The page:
Nearly every summer day Northwest temperatures follow a familiar routine, with temperatures hitting a minimum around 6-7 AM and rising until roughly 5 PM, followed by falling temperatures during the evening and morning hours.
But something very different hit the western suburbs of Victoria B.C. Wednesday morning, with temperatures rapidly rising around midnight. How could this be?
Let's start with a plot of temperatures at Victoria's Lakewood Elementary School during the last week. Yes, temperatures are in Celsius (30C=86F, 20 F-68F, for those metrically challenged). Temperatures on the 12th, 13th, 14th, and 15th do the normal diurnal thing, rising and falling
at the typical times (the big tick marks indicate midnight). But something weird happened early on the 17th. The temperature rose right after midnight, and then fell again. Strange behavior.
Here is a terrain map around Victoria to give you a better idea of what I am talking about.
A few hours later the the westerly winds weakened and the temperature dropped to levels similar to the rest of the area.
As long as I am talking about anomalies....it has been quite dry around here, even for July. So far we have only had a trace at Seattle-Tacoma Airport (a trace is less than .01 inches). If we get no more precipitation for the rest of the month there (a real possibility), we would enjoy the driest July since 1960. You will tell your grandchildren about this one day.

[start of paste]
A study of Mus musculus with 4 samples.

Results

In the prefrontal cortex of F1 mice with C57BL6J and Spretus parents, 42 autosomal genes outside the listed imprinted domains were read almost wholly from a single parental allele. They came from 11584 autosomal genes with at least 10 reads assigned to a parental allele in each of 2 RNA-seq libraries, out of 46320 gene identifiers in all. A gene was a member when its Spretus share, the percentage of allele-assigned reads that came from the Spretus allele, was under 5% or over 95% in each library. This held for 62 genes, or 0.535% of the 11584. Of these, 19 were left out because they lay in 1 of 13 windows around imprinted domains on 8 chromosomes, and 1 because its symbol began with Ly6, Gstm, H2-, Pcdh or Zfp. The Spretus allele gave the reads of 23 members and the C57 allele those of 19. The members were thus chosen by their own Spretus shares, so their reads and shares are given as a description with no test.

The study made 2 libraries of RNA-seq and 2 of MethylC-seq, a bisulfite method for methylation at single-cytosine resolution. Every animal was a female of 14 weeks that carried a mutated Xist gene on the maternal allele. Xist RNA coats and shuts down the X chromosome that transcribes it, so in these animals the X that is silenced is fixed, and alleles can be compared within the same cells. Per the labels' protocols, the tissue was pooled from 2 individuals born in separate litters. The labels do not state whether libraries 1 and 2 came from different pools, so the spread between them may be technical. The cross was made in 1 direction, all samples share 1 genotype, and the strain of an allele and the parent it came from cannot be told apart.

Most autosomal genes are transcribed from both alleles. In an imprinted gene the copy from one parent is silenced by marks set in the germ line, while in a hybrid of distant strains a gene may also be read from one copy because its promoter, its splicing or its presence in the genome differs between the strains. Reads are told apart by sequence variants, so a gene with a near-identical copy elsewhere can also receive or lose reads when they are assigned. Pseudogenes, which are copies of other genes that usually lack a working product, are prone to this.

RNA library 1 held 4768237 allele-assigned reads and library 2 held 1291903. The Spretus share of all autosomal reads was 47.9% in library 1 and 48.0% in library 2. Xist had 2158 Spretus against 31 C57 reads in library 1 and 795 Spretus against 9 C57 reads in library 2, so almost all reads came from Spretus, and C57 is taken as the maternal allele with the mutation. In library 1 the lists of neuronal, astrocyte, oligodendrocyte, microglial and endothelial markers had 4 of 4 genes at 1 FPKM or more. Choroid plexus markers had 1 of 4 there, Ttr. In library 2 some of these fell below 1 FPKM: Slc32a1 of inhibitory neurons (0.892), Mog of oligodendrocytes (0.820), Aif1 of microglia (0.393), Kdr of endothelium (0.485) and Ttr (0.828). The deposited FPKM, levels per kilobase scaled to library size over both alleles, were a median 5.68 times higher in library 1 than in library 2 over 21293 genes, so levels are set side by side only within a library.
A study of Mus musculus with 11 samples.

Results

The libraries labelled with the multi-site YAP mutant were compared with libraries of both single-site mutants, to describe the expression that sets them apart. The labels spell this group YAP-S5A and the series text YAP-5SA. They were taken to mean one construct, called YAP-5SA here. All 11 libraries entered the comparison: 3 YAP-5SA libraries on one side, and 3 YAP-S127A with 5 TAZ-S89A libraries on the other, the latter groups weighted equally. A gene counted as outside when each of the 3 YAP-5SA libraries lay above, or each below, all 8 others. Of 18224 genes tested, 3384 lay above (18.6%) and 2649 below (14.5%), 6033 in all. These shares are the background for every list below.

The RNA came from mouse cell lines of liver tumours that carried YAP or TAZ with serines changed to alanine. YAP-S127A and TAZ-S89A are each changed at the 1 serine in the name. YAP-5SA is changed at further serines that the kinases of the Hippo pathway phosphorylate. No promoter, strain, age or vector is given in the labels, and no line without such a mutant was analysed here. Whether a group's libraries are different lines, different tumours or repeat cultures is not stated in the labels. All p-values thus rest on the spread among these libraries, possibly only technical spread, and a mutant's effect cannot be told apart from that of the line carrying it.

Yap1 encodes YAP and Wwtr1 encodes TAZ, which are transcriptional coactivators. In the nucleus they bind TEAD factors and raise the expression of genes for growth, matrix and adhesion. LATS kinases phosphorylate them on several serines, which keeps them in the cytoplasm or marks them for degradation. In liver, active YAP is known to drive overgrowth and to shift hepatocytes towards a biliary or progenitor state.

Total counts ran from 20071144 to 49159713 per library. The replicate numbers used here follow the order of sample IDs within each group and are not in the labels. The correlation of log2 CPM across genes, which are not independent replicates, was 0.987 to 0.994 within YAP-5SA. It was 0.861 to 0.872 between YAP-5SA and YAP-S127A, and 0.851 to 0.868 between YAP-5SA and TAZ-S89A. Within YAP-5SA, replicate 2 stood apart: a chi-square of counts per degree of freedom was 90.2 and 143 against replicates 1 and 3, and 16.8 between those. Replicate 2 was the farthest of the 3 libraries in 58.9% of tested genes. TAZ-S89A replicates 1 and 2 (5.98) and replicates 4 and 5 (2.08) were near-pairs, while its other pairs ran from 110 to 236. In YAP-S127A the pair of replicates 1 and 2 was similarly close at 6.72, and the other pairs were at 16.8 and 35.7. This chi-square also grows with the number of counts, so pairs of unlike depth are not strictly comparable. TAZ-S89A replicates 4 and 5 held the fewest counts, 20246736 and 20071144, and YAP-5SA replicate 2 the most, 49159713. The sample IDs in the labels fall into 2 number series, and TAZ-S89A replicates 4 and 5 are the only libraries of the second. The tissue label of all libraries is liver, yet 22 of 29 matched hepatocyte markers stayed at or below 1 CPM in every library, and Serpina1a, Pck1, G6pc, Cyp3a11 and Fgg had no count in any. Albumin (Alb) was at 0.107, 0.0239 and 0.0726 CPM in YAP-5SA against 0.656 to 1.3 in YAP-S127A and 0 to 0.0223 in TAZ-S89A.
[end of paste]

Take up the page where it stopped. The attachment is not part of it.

And another big meteorological event happened yesterday....the snow finally melted out at Paradise Ranger Station on Mt. Rainier (see graphic).
According to Mark Albright, past state climatologist, over the past 30 years, the median melt-out date at Paradise
is 11 July. (The mean
melt-out date is slightly later on 15 July.) During the first 15 years
of operation from 1981-1997 the mean melt-out date was
10 July. Since then the mean melt-out date has moved 8 days later to
18 July over the 15 year period from 1998-2012. Over the past 5 years
(2008-2012) the mean melt-out date has been 2 August. The earliest
melt-out was 5 June 2005 while the latest melt-out was two years ago
when the snow pack didn't melt out until 25 August 2011.
Bottom line: the Cascade snow pack is NOT melting out earlier during recent years.